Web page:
It’s been one of those weeks that will drive me to repeating myself. I know I just smacked doctors over the head a few days ago about how they don’t quite explain all the relevant details to their patients. That really puts the patient in a awkward position when it comes to purchasing life insurance.
Let me explain in a little more detail how that works. Say a person wants to buy life insurance and they have had a 3 vessel bypass surgery in their past. No heart attack. Just had chest pains. The bypass got things back in order and the doctor let the person know that it was no big deal and as long as he watches everything going ahead, well, no problem……on followup stress tests the doctor reiterates, no problem.
So, 6 years after this little run in with heart disease the person applies for insurance and tells his agent about the bypass and passes on his interpretation of what the doctor told him. It was minor blockage (no big deal) in 3 vessels. No heart attack. No problems on subsequent stress tests. When asked if he can get a copy of the most recent stress test, he complies and the agent sends the narrative summation of the cardiac incident off to the underwriters along with the most recent stress test. When asked for a medical report of the original incident, well, the client really doesn’t want to go to that much trouble.
This is a common way to shop a case. Underwriters review what you send and give their opinion of what rate class to quote with the caveat, “subject to full exam and medical underwriting”. The quotes go out to the client with the same caveat. Subject to medical underwriting is another way of saying, as long as what you said matches up with your medical records.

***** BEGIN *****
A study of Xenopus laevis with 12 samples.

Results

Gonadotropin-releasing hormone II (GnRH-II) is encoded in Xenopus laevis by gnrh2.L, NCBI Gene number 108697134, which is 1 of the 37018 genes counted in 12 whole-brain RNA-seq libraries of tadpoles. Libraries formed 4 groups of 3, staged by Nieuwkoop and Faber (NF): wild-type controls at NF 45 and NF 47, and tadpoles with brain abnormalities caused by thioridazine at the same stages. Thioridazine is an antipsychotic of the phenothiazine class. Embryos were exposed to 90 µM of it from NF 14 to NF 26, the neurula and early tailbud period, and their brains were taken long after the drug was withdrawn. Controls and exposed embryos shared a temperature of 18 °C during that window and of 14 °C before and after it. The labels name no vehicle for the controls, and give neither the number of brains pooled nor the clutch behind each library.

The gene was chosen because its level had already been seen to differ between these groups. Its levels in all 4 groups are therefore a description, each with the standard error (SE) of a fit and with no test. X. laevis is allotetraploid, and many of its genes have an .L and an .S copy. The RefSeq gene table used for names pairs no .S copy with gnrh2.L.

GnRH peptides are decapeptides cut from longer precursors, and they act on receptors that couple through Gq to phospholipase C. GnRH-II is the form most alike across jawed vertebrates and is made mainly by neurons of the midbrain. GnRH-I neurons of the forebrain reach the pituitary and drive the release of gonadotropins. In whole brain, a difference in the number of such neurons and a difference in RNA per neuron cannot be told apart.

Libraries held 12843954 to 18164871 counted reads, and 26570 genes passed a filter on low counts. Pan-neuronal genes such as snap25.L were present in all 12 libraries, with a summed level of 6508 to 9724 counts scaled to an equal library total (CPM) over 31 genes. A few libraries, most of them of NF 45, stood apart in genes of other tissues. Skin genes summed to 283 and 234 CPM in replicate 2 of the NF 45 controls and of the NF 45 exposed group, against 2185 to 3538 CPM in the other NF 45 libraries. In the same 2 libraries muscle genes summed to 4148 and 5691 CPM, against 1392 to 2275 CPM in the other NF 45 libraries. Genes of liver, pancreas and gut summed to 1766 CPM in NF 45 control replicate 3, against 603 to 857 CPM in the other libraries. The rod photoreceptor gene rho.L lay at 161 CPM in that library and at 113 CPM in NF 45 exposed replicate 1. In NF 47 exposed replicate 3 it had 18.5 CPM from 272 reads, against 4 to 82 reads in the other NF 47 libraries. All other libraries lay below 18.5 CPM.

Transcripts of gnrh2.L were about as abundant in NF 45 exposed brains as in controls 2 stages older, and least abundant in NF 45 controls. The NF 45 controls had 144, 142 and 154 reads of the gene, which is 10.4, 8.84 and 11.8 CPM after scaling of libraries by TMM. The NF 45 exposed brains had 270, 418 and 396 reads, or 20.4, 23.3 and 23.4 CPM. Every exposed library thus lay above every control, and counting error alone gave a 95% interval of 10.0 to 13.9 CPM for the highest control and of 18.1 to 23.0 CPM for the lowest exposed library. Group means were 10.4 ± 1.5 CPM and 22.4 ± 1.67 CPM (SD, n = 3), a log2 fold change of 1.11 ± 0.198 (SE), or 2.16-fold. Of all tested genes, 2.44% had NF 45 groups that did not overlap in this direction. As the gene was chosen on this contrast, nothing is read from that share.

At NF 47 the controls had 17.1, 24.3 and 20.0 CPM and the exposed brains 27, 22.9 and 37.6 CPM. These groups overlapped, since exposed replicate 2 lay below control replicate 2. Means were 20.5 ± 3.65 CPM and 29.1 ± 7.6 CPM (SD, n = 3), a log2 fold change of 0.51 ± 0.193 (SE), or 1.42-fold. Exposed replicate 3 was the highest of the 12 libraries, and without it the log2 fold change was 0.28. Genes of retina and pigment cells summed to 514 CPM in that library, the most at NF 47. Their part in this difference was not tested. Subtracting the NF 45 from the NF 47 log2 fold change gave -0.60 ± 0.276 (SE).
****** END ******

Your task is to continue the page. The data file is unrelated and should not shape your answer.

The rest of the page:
So the application and exam are completed and medical records are ordered. When the records get to the underwriter he notes that the records indicate that the blockage wasn’t minor. 85% in one vessel and 95%+ in the other two. Severe coronary artery disease. While he didn’t have a heart attack, there are some other issues with the heart that are significant enough to be in the records, but either not significant enough to discuss with the patient, or forgotten by the patient. The rate goes up. The picture has changed.
When that news is delivered to the life insurance client they generally explode. They feel like they divulged everything just as it happened, and in most cases they probably do divulge everything just as it was told to them or just as well as they can remember. But that doesn’t make the two stories match any better.
It is at this point that the agent or the company are declared inept and the messenger is shot. I always offer to review their records for the discrepancy, but very few people take us up on that. The assumption is that if we couldn’t get it right the first time, then we must not know what we’re doing.
Bottom line. When an agent asks for more information before he quotes, supply it. It may be more work up front for you, but it will yield results in a more accurate life insurance quote and approval.